How Carol Burnett Landed Her Own Variety Show

Comedy Icon Carol Burnett to Share Rare Stories of Her Life and Career

Comedy icon Carol Burnett still remembers CBS executives’ response when she requested her own variety show.

“The network didn’t want me to do it,” Burnett recalls. “They said the comedy variety show was a man’s game. It was Milton Berle, Jackie Gleason, Dean Martin.”

But Burnett held her ground.

Her contract, held over from her years on “The Garry Moore Show,” mandated for the network to give Burnett 30 episodes of a one-hour show, no matter what.

“They wanted me to do a sitcom, but I said, ‘I don’t want to be the same character every week,’” she remembers. “I wanted to have lots of characters and live music, and all the craziness of a variety show.”

Little did Burnett know, she was making entertainment history.

“The Carol Burnett Show” lasted a celebrated 11 seasons, drawing 30 million viewers per episode and earning 25 Emmys, making it one of the most acclaimed television series in history.

Burnett will share rare insider stories and video clips of this beloved show during her visit to The Smith Center on June 5.

She will even conduct a candid Q&A with audience members.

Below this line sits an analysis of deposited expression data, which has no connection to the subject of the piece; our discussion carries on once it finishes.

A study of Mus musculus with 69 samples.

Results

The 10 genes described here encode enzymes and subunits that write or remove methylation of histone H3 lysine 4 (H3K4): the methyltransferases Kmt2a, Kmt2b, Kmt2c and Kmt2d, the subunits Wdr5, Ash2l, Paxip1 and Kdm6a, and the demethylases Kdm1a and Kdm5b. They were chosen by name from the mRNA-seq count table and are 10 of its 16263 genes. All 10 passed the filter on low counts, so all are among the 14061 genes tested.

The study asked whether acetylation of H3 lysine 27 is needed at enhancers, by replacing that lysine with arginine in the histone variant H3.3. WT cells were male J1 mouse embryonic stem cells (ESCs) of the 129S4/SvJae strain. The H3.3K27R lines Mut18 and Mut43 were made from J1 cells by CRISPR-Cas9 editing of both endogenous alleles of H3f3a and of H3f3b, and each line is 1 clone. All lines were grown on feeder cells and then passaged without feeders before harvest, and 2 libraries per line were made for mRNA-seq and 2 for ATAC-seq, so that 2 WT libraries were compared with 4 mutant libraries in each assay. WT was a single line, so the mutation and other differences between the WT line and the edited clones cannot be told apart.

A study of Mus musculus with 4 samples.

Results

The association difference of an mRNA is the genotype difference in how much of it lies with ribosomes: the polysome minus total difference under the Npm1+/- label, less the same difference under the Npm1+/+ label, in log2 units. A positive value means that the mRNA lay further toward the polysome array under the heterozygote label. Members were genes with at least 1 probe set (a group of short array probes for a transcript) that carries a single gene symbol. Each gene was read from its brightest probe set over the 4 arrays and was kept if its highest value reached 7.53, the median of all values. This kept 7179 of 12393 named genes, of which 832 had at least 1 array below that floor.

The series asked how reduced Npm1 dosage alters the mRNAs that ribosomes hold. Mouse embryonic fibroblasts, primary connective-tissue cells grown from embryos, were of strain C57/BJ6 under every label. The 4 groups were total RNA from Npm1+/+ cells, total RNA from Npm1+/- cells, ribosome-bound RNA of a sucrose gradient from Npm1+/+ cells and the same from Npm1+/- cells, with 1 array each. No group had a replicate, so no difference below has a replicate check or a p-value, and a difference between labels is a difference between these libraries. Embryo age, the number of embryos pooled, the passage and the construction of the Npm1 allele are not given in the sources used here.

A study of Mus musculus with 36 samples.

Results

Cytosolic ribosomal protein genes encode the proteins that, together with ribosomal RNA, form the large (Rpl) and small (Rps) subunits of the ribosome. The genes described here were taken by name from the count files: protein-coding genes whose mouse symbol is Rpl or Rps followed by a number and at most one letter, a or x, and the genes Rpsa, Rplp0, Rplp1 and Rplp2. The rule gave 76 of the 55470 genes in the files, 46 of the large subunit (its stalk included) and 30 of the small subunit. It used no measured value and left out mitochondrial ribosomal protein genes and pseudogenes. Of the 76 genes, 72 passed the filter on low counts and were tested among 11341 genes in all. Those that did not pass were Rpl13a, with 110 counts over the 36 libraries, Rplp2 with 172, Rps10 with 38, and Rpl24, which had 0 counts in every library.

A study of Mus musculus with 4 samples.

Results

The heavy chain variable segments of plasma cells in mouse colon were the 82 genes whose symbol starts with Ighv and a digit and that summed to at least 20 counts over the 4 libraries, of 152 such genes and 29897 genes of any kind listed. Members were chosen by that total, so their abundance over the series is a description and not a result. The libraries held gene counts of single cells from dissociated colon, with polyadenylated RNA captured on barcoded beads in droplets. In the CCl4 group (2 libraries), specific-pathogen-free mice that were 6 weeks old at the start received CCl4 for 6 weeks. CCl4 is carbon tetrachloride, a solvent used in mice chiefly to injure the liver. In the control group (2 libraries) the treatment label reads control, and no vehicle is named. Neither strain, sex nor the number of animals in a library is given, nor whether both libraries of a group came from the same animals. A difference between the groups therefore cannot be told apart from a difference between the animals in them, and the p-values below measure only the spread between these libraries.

“I don’t know about the impact (the show had), but what we did prove was that a woman can host a comedy variety show,” she says.

A Live Show Like No Other

Burnett takes great pride in how “The Carol Burnett Show” was unlike anything else on television.

This included elaborate comedy sketches that lasted 20 minutes or more, “like little one-acts,” she says. Some sketches featured a full orchestra.

“We actually mounted a musical comedy revue every week,” Burnett says. “I always wanted to do it as live as we could.”

This meant to keep the cameras rolling, no matter what.

“If anything went wrong, we just kept going, unless the scenery fell down and knocked us out,” she says.

A Favorite Memory

The most memorable elements of Burnett’s show included the audience Q&A sessions that kicked off each episode.

The idea stemmed from an executive producer. Instead of warming up the audience with a comedian, he offered, Burnett could answer questions so “before you get into crazy outfits and become different characters, the audience can get to know you,” she recalls.

One of her favorite memories even stems from this.

She recalls a woman who raised her hand and requested to sing, then jumped on stage and commanded the band to play “You Make Me Love You.”

As she sang, Burnett joined in, much to the audience’s delight.

“We had different thoughts of how to sing the finish, so we kind of petered out,” Burnett remembers. “There was a pause, and she looked at me and said, ‘Well, you screwed it up.’”

Continuing the Tradition

Burnett hopes to achieve the same unscripted, hilarious interactions at the audience Q&A at The Smith Center.

“I like to do (Q&As) because it keeps the old gray matter ticking,” she says. “I never know what anyone is going to ask.”

So she encourages people to participate.

“Come armed with a question,” Burnett says.

SEE THE SHOW

Carol Burnett visits The Smith Center on June 5. For tickets, click here.